Worried about online misinformation amid race riots, the coronavirus pandemic, and political division, a Minnesota librarian is hosting online training for church congregations to spot disinformation and “make sense of everything around me.”
“As a librarian, I’m seeing this huge information landscape every day, and I feel like it’s incredibly overwhelming for people,” Concordia University, St. Paul, Minnesota, librarian Rachel Wightman told Business Insider.
“We’ve all spent this past year in this hyped-up environment where everything feels urgent and stressful, so I try to encourage people to take some space and say: ‘O.K., I’m going to figure out how to slow down and make sense of everything around me.'”
Wightman’s Mill City Church in Minneapolis was just miles away from George Floyd’s death, but her efforts have since ramped up amid the race riots and the unraveling of the coronavirus pandemic.
“I remember the day our pastor was talking about racism and saying we have to check our inputs, meaning we have to get inputs from people who are different in order to understand this issue,” Wightman told BI. “That was the moment for me where it really clicked. I knew I had to continue giving people tools to get to these inputs.”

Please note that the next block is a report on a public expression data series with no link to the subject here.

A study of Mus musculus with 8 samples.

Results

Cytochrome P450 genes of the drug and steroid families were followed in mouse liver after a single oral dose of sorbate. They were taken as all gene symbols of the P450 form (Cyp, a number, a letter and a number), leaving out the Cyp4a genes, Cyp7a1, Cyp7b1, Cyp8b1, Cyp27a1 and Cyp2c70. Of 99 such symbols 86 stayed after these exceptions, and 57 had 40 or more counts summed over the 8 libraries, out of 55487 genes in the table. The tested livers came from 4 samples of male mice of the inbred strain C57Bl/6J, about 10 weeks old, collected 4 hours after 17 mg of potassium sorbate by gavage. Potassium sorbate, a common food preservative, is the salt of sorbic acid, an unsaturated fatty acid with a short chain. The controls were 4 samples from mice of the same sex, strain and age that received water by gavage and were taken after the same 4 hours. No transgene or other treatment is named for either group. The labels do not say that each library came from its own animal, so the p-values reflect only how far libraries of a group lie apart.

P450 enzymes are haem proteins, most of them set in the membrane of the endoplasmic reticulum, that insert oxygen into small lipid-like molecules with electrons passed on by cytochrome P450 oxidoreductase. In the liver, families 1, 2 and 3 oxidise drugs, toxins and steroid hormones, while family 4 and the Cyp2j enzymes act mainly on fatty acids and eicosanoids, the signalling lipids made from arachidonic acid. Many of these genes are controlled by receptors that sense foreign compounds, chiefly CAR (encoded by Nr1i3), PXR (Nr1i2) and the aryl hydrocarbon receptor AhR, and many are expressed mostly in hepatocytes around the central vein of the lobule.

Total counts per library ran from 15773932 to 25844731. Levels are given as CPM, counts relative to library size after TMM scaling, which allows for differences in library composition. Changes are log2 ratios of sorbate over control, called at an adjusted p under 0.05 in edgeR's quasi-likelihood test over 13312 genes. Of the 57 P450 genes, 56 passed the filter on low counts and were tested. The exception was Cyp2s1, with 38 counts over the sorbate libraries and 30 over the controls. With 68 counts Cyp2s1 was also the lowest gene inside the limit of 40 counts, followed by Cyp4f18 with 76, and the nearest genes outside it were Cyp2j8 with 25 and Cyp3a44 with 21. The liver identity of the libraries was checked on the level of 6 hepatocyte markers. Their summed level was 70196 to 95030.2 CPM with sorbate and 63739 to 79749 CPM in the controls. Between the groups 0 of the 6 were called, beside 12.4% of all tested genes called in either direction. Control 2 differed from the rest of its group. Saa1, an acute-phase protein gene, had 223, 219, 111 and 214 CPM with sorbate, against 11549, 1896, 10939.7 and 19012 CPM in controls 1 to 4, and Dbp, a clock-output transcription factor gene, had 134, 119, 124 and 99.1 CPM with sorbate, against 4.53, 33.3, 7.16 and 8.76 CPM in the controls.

Her 6-week seminars, reviewing how online information “overlaps with your faith,” began even before the pandemic early in 2020, but have now expanded to churches around the country.
“I want to also bring in this perspective of Christianity,” she told BI. “As Christians, we need to ask ourselves, if you have this faith of loving your neighbors, in what spaces does your faith show up?'”
The seminars also focus on recognizing conspiracy theories and health misinformation, but Wightman called her training “politically neutral,” according to BI.
“We’re not here to talk about your opinion on the latest legislation or our president,” she added to BI. “We are here to talk about how do you evaluate what you’re finding online.”
Wightman provides the perspective of a Christian, librarian, and academic.
“A lot of people think librarians just sit around and read all day, so it’s been fun to bust that myth open a bit,” Wightman told BI. “We’re teachers; we’re about connecting people with information, and so be able to do that in a new way that feels so relevant is very exciting.”
The information age has caused many to diverge from faith and churches, including even some pastors, as BI reported.
“Misinformation is in some sense baked into white evangelical churches as many of them reject science, scholarship, and mainstream journalism,” University of Victoria professor Dr. Christopher Douglas told BI. “It’s a small step from disputing the science of evolution and climate change to doubting the efficacy of masks and vaccines in fighting the pandemic because it all comes from a common source, which is mainstream ‘secular’ science.”
“Public institutions like libraries, colleges, and universities all have a role to play in developing critical thinking and critical media literacy skills,” he added to BI.